BINGHAMTON, NY (WSKG) — A new proposal for a recycling facility in Schuyler County is under consideration by the New York Department of Environmental Conservation.
Members of the county legislature, however, are opposing the application as it stands now. The Schuyler County legislature will vote on a resolution that asks the DEC to expand its environmental review of the project and reopen public comment Tuesday night.
The proposed facility in Cayuta would bring in construction debris and municipal solid waste for recycling, according to Bob Mente, the owner of Alternative Waste Services in Newfield, which would operate the facility.
“It is one hundred percent designed to help the environment by reusing and extracting materials that are now thrown in the landfill and buried,” Mente said.
The resolution, brought by the Community Development and Natural Resources Committee last month, asks that the DEC conduct a “full, fair and exhaustive” environmental review of the facility before the application is approved.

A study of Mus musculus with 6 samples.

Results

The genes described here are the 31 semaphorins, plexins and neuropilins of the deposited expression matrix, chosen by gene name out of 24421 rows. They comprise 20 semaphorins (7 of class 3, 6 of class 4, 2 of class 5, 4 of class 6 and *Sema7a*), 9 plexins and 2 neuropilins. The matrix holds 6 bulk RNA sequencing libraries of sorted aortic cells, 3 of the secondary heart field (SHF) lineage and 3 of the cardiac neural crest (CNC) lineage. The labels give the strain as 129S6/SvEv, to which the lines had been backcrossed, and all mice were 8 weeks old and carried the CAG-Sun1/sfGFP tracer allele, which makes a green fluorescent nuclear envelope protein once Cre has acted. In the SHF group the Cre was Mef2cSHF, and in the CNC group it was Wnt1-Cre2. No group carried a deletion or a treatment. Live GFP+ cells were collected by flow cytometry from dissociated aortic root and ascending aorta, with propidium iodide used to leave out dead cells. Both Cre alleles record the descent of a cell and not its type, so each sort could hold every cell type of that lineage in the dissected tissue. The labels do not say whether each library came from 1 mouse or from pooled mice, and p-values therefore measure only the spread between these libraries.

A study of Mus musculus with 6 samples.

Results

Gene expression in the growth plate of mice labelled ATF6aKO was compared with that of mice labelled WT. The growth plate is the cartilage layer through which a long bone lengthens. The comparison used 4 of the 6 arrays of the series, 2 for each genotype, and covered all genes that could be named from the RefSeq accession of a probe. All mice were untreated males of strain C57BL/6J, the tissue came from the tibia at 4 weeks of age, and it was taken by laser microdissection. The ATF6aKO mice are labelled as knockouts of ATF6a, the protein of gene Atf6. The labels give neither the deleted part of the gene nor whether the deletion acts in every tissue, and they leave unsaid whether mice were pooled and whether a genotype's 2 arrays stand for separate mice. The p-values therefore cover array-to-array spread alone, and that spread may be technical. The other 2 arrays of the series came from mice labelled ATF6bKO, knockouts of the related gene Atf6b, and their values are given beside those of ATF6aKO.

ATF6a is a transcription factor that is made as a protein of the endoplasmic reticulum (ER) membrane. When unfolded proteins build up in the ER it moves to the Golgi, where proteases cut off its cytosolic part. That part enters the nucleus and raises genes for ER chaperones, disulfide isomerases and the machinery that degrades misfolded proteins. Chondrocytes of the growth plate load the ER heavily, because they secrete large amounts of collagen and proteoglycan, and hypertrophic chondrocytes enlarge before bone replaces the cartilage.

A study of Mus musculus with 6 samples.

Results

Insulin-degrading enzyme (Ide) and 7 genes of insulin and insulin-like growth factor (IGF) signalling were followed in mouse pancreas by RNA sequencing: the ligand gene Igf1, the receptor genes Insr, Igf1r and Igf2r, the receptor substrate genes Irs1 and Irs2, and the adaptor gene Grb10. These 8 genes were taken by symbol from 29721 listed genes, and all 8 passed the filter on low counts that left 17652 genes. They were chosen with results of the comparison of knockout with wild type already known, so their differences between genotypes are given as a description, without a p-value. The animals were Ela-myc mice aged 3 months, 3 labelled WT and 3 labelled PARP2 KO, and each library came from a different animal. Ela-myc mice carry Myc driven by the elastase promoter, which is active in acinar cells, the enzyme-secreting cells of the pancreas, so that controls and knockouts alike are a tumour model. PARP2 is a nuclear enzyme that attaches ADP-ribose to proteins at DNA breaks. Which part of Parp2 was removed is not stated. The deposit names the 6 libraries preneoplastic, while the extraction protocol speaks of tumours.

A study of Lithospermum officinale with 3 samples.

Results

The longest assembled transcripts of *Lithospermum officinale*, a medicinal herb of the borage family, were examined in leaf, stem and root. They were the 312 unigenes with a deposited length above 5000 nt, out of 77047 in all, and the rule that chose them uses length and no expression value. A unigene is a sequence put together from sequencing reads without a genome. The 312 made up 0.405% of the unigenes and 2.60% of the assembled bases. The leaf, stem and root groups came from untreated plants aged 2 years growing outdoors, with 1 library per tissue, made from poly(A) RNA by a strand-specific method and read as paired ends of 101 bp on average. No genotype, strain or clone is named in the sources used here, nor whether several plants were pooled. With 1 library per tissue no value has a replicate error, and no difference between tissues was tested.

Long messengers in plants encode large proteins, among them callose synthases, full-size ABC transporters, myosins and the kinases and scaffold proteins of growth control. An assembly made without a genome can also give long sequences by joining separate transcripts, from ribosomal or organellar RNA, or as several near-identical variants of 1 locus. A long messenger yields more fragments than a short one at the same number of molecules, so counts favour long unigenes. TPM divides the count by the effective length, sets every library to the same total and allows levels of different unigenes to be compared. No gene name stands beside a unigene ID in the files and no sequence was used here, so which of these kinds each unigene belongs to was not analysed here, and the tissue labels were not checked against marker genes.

According to the resolution, residents have expressed concerns about potential negative impacts of pollution and truck traffic from the facility on tourism, agriculture and human health.
Mente said he has addressed the traffic concerns; he amended the application to change the direction of traffic flow and to which landfills the leftover materials will go. Materials that can’t be recycled will be taken to landfills in Steuben and Chemung counties, not Seneca Meadows as was first discussed.
Mente filed the initial application with the DEC in January. According to Schuyler County Attorney Steven Getman, the members of the legislature only learned about the proposal last month.
“A lot of legislators and a lot of county employees burned some midnight oil to try to put something together for this meeting,” Getman said.
The town of Cayuta, south of Seneca Lake, is generally supportive of the facility, according to Getman.
“People have supported the facility on the premise that it would bring jobs to the community, that the DEC application process is sufficient,” Getman said.
But the resolution said some county residents worry the seven-acre facility will expand into a landfill. Mente assured that won’t happen.
“I really don’t have a problem with the legislature and what they’re trying to do,” Mente said. “The problem is that the misleading information that’s out there has made them take this avenue.”
DEC approval of the facility is pending. The resolution can’t prevent authorization, but Getman said some legislators are considering a moratorium on waste operations in Schuyler County, which would require extensive preparation and passing a local law.
The county hopes the state will listen to their concerns prior to issuing any permit to Alternative Waste Services.